The 70-year-old politician had to be hospitalized after being kicked by the masked attackers.

Hervé Breuil

(Facebook-Hervé Breuil)


According to witnesses, the attackers pushed, insulted and even threw “projectiles” such as rotten fruit, water and flour at Breuil and four nationalist party activists. They were shopping at a market in preparation for France's parliamentary elections.

French radio station TF1 reported that, during the attack, Breuil, 70 years old and with a pacemaker, was kicked. The stress and physical impact of the encounter was so severe that Breuil suffered a stroke and was hospitalized.

Ongoing investigation

The police have already launched an investigation to identify and capture those responsible for the attack. The description of the attackers as masked people wearing black matches the well-known tactics of the radical left, who seek to avoid being identified by authorities.

Marine Le Pen's reaction

Marine Le Pen, RN leader and President Emmanuel Macron's main rival, strongly condemned the attack. In statements to the press, Le Pen said they were: “Cowardly attacked by the ultra-left militias. An electoral campaign in a democracy cannot allow this unleashing of ultra-violence from an extreme left ready to do anything to sow chaos. We send him our friendly support and wish him a speedy recovery.”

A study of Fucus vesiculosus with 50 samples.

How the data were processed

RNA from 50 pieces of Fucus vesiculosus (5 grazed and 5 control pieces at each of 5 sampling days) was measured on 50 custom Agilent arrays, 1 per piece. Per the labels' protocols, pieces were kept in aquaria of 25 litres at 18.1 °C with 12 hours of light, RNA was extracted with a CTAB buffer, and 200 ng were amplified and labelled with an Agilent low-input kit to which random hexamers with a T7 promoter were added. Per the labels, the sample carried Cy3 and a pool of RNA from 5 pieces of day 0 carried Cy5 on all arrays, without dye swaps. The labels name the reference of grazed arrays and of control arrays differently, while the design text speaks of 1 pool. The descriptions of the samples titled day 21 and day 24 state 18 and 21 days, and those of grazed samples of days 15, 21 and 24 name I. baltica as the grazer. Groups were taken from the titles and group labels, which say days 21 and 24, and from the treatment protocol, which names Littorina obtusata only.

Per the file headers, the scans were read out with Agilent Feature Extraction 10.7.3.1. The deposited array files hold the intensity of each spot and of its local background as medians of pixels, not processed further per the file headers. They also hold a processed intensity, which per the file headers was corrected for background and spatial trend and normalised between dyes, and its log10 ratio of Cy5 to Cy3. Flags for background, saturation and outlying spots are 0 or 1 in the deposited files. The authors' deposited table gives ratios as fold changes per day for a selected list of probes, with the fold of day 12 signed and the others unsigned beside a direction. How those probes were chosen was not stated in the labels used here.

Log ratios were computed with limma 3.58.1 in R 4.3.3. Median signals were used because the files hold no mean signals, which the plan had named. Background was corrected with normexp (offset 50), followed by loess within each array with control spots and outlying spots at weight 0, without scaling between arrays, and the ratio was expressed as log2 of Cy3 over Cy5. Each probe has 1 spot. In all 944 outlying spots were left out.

Context of political violence

The attack on Hervé Breuil in Saint Étienne joins a series of violent incidents against politicians in Europe in recent weeks. In Germany, several people were stabbed during a political demonstration, resulting in the death of a police officer. In Slovakia, an activist shot the prime minister in June, motivated by perceived insufficient military support for Ukraine. Likewise, Danish Prime Minister Mette Frederiksen was recently attacked in a market in Kultorvet, in Copenhagen's old town.

These incidents highlight a worrying rise in political violence in Europe, which threatens to destabilize democratic processes and create a climate of fear and intimidation among candidates and their supporters.